Elene Chumburidze ‘09
Tbilisi, Georgia/Lake Station, IN
“The Vagina Monologues” is an internationally acclaimed play created by Eve Ensler in 1996. On the 26th of June, 2013 for the first time ever on a theatrical stage of Georgia, the play was translated and performed by a group of non-professional Georgian volunteer actors, through organizational support of “Identoba”, LGBT and gender equality focused NGO, representatives of which were also initiators of the idea itself. The play was performed on Shota Rustaveli State University stage.
The clear purpose of the show was to enhance the awareness and touch upon such extremely delicate, painful, intimate and sometimes tabooed subjects as sex, rape, childbirth, disfigurement of female genitalia and other physical or psychological discrimination, as well as taking pride in being strong and beautiful women with powerful voices, which was apparent throughout execution of the spectacle.
Although there was a slight hitch during the performance, specifically several young Georgian men standing up and shouting various insults towards the actors, accusing them of disrespect towards the institution the play was held in and other offenses with religious connotation, overall the idea behind the play was delivered to the audiences and the feedback from them was overwhelmingly positive.
As a member of the cast and crew, I feel incredibly proud to have taken a part in this installment, which was a very public feminist statement and a huge step towards opening the Georgian society on the important themes as portrayed in the show.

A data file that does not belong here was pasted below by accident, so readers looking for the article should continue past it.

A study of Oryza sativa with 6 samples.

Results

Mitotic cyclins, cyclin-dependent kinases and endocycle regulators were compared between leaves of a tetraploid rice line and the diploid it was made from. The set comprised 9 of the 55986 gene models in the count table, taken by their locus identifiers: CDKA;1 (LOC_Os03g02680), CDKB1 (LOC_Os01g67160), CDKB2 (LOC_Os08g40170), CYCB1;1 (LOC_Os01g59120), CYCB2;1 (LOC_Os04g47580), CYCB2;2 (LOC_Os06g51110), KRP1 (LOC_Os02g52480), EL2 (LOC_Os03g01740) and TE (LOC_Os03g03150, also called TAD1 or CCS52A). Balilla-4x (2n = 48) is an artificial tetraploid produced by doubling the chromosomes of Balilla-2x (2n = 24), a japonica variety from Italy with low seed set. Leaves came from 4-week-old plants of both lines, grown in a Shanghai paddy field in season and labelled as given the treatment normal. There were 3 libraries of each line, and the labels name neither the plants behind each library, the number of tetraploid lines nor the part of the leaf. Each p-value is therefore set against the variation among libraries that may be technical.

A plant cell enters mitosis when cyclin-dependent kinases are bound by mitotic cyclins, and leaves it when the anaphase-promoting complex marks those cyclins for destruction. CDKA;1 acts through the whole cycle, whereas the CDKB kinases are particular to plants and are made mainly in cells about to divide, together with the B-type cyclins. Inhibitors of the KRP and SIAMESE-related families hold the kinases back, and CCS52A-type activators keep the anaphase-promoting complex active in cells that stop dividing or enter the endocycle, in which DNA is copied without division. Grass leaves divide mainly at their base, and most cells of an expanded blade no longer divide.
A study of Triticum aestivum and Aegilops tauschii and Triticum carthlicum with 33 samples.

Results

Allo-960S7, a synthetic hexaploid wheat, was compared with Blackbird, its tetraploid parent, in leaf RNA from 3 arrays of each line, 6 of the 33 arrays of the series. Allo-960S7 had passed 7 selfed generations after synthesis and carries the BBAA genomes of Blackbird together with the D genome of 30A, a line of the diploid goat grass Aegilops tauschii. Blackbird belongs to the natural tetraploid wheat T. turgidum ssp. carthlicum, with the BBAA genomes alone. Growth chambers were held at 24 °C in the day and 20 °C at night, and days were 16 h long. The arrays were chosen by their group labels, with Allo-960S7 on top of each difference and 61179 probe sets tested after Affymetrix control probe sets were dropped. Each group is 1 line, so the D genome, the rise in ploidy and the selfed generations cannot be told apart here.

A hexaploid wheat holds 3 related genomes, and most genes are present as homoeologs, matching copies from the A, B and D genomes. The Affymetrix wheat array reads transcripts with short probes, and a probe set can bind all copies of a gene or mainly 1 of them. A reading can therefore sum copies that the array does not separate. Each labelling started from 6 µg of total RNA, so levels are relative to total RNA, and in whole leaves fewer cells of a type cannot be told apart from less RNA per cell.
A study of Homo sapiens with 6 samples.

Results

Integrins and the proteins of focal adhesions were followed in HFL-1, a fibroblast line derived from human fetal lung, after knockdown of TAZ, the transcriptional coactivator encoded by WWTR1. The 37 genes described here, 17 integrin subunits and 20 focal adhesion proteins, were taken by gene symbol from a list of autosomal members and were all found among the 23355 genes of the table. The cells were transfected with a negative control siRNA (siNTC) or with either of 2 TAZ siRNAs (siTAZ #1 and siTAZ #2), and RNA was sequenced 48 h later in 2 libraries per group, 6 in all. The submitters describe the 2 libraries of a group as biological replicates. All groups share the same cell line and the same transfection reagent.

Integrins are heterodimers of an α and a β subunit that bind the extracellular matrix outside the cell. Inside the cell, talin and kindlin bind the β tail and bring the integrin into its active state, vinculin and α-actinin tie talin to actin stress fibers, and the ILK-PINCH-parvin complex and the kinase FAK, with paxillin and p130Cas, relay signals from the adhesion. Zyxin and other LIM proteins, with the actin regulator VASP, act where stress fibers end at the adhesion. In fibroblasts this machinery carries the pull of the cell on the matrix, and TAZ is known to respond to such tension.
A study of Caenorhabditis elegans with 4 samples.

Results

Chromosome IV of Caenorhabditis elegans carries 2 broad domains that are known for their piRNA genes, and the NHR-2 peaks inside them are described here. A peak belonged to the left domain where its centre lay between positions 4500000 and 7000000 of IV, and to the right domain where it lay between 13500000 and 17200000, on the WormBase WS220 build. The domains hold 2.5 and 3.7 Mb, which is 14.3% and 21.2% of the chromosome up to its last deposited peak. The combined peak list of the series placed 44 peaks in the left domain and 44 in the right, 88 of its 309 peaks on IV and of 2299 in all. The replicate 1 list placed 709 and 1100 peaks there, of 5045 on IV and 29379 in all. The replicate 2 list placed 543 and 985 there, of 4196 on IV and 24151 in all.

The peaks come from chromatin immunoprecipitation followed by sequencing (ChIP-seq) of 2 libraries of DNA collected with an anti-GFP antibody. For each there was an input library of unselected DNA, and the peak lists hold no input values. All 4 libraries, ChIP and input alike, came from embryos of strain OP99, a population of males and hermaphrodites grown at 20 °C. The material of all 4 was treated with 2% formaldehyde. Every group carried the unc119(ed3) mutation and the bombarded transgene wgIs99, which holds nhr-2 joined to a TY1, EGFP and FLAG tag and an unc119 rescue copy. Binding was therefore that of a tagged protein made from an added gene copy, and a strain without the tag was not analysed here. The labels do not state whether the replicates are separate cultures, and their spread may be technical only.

NB: Even though three of us FLEX alumnae, Liana (Lika) Barabadze ‘02, Sopo Tabatadze ‘04 and I, happened to be part of the cast, I would like to note that the play had nothing to do with FLEX activism. I ask that it be noted in the article, as otherwise it would be unfair to other actors as well as organizers’ effort. Thanks.
Editor’s note: This was a unique initiative in so many ways and all three alumnae have a lot to share. Lika had been in a production of “The Mouse that Roared” in her high school drama club in Utah during her FLEX year, but none of the alumnae had otherwise been involved in theater. To learn more about this production and the impact it had on her, Lika Barabadze offers her powerful blog entry on the performance. Sopo Tabadadze, who is currently traveling in Eastern Europe before beginning a Master’s degree program in Sweden, says that “It has been my dream to be part of staging the play in Georgian since the day I heard about it.” She further offers, “I think the best way to share the story would be to make a small movie about Vagina Monologues, including background info on feminist and LGBT movements in Georgia, including the FLEX alumni involvement in it. Vagina Monologues was very important part of this movement. For example, I am a member of Independent Group of Feminists – non-registered and non-hierarchical feminist initiative. Lika and Elene are more involved with the LGBT organization Identoba.”